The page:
United Way Day of Action Makes Everything Better

This week at Orchard Gardens the largest volunteer group ever (I mean it)  came and completely transformed the place.  Over the course of the day, over 60 volunteers, employees of DirecTV and Adventure Life and high schoolers from the Schwanke Honors Institute weeded, weeded, weeded and weeded.  Earlier in the week, I was feeling despair at the sight of so much weedy jungle.  Now, I feel like I work in a formal French garden.  Or at least something kind of like that.  We managed to weed all the onions (500-plus feet) and all the potatoes (450 feet).  People walking by on the bike path were stunned to see such a pretty garden where once was a wall of knapweed.  An entire drip tape installation was assembled in the winter squash and raspberries.  The fruit trees were freed of tall grass at their feet.  And on and on.  I spent much of the day walking from project to project oohing and awing in genuine surprise and delight at how much work was being achieved.

Proof again that many, many hands do a lot of stuff really, really quickly.

Veggie of the Week:  Yukina Savoy

Everyone in the CSA wants to know what Yukina Savoy is.  Well for starters, it’s probably my new favorite vegetable.  Yukina Savoy is yet another amazing Brassica family mustard green.  It has beautiful dark, green leaves that are shaped like giant, crinkled spoons.  “Savoy“refers to the crinkliness.  Here are two pages of yukina savoy info, nutritional facts and a few recipes.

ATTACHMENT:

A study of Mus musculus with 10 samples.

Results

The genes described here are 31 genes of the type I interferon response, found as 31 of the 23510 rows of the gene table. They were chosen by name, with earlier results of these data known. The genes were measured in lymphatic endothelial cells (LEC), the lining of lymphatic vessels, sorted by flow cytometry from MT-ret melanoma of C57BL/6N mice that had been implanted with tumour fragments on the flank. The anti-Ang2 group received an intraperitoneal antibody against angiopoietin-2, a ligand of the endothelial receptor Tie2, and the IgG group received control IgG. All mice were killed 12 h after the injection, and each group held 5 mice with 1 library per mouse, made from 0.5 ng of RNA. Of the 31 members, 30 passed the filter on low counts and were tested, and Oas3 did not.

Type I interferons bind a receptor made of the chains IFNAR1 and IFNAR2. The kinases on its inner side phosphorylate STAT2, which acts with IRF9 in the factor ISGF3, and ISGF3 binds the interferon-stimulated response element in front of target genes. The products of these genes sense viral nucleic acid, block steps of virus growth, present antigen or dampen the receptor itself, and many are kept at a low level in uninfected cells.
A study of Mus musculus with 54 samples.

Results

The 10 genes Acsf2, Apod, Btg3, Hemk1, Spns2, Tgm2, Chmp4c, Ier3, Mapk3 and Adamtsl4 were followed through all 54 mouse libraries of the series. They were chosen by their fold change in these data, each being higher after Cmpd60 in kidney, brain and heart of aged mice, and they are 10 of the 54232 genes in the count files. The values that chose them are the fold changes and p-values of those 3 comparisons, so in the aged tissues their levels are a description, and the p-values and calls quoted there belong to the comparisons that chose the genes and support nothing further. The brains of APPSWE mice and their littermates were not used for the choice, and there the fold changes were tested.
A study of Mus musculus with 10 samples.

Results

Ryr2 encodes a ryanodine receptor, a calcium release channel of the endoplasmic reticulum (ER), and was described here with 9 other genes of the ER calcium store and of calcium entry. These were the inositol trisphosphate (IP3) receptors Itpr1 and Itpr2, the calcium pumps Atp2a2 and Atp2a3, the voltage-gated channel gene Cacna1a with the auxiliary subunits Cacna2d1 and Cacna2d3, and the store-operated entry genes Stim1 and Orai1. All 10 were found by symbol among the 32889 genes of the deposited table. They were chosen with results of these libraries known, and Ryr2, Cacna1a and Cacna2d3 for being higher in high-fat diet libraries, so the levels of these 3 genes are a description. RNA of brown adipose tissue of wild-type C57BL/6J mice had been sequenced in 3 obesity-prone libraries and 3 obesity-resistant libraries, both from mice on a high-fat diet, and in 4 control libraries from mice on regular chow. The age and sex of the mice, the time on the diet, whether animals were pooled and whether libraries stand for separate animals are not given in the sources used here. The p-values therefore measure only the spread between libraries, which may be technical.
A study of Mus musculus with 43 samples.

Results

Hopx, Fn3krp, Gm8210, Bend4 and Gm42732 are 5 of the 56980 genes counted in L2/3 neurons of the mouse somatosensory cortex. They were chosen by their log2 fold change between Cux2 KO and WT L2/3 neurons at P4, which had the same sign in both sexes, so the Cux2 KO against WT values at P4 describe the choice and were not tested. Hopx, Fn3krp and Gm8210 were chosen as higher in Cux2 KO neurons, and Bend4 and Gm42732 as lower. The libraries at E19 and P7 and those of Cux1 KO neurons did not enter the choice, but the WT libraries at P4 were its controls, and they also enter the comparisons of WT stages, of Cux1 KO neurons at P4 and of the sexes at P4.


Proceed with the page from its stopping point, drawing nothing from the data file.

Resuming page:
As for me, like pretty much everything else, I like to stir-fry it.  Heat up some oil in a wok or skillet.  Throw in some chopped garlic and ginger and onion-type things.  Add a chopped chile pepper or two if you want.  Throw in a massive amount of chopped greens.  Maybe a mix of yukina, mustards and broccoli raab.  Stir and stir.  After a bit, add a splash of tamari and rice vinegar.  Eat with rice or noodles and maybe some tofu or poached eggs or steak.   See Cori’s recent post about simple cooking.

Otherwise, Yukina Savoy is very good in anything that calls for spinach.  Just substitute.  I made this Green Curry Broth using Yukina.  (Side note:  I did happen to have yuba, from a spring trip to Seattle, but any old noodle would work).  I also added some Chinese shunkyo radishes and some asparagus.  It was very yummy.